The National Bureau of Economic Research (NBER) hasn't declared an economic recession. However, inflation, the aftermath of a three-year pandemic, and geopolitical conflict all contribute to America's unease about the economy's future.
So what does this mean for the future of housing? And is buying a home during a possible recession a good idea? We'll answer that question and more here.
Not All Recessions Are Created Equally
When most of us think of "recession" and "housing," we think of 2008, when the real estate bubble burst, creating a Great-Recession-style crash. Fortunately, not all recessions are created equal, and most experts agree that we are not at risk of repeating the past—right now, at least.
In fact, a mild recession may even create more economic opportunities for prospective home buyers who have adequately prepared and have resources.
The housing market has favored sellers for the last two years due to low inventory and high demand. The result? Bidding wars, rising rent, and a considerable hike in real estate prices. It was a market where buyers were willing to pay above asking prices.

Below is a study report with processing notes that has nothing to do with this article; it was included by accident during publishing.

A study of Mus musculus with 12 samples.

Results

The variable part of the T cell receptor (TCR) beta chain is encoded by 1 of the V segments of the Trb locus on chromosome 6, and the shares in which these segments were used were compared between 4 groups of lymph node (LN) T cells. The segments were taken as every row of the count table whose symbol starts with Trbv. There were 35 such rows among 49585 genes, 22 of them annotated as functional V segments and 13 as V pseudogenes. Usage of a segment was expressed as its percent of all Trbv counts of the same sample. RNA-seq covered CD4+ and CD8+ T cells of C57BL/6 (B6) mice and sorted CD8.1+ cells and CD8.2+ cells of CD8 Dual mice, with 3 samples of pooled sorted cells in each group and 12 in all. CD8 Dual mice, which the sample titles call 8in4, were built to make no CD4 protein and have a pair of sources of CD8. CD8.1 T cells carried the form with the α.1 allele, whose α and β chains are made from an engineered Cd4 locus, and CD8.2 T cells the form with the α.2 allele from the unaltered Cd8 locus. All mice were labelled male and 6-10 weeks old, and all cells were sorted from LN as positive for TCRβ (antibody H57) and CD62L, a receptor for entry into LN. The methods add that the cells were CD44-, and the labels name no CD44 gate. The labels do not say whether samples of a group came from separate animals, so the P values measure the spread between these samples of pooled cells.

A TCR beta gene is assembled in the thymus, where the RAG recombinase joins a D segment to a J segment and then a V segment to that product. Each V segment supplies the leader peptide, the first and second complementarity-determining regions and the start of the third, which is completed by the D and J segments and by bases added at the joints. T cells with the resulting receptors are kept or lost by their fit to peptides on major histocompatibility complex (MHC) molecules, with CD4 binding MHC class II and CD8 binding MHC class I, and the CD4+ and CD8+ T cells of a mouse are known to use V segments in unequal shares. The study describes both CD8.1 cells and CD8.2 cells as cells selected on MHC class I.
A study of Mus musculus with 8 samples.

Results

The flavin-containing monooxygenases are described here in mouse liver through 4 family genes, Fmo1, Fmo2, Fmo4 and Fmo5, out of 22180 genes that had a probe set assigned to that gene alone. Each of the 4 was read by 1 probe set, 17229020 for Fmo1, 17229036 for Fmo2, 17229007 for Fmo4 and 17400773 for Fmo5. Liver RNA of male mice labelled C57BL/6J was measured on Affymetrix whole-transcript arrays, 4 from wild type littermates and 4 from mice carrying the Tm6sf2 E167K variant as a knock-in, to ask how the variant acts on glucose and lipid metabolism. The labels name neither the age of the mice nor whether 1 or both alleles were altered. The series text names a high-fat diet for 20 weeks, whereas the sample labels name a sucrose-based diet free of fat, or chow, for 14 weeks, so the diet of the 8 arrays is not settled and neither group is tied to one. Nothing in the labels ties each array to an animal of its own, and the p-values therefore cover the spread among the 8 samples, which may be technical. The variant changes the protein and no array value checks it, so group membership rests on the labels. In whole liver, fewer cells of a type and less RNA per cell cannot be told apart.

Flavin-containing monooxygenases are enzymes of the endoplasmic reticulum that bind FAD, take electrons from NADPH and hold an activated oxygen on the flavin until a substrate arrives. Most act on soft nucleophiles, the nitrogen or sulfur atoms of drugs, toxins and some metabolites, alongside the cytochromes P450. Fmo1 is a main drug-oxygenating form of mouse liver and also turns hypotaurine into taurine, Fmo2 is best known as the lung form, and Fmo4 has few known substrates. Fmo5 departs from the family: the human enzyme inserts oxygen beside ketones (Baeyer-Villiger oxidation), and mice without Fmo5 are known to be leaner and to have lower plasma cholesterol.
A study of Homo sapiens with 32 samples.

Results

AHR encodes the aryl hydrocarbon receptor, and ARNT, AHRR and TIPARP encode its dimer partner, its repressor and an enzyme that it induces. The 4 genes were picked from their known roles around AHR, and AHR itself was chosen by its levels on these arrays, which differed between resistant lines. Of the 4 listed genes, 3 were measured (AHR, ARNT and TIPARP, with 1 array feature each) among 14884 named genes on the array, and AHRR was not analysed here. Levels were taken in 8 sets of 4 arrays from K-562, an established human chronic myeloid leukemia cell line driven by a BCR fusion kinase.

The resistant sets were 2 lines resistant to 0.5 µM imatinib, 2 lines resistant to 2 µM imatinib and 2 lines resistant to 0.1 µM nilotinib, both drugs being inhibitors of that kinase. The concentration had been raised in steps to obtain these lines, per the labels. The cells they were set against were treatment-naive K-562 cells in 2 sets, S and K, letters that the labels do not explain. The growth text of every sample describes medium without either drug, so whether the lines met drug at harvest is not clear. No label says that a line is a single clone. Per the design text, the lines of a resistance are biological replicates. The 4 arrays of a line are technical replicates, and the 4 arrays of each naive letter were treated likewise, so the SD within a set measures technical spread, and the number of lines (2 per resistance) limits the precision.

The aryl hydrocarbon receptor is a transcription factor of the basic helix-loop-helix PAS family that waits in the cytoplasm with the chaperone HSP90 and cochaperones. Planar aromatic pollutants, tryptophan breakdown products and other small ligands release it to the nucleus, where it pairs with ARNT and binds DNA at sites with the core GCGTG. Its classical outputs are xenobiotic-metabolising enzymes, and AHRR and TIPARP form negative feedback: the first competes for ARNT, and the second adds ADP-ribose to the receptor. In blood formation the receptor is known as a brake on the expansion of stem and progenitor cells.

During a recession, the market inverts to favor buyers, which means lower prices, a growing stockpile of unsold homes to choose from, and more negotiating power for buyers.
Lower Interest Rates
We’ve seen a considerable hike in interest rates since the Federal Reserve made moves to slow inflation in 2018. However, history shows us that interest rates do decline during a recession—which means lower rates and increased purchasing power.
In September 2020, homes spent a median of 16 days on the market. In 2021, nearly half of homes were on the market for as little as a week before pending. Contrast that to 2019, when homes spent an average of 30 days on the market.
This is a long way of saying slow markets create a surplus of inventory. Plus, that inventory sits on the market longer. And that gives prospective home buyers more choice and negotiating power.
Are There Any Cons to Purchasing a Home During a Recession?
There are a few downsides to purchasing a home during a recession. The biggest is stricter lending requirements. During a recession, lenders typically impose tighter lending requirements to minimize the risk of borrowers defaulting on their loans.
Additionally, recessions and economic instability often lead to job losses and financial uncertainty—and when that occurs, having funds tied up in real estate assets may not be ideal.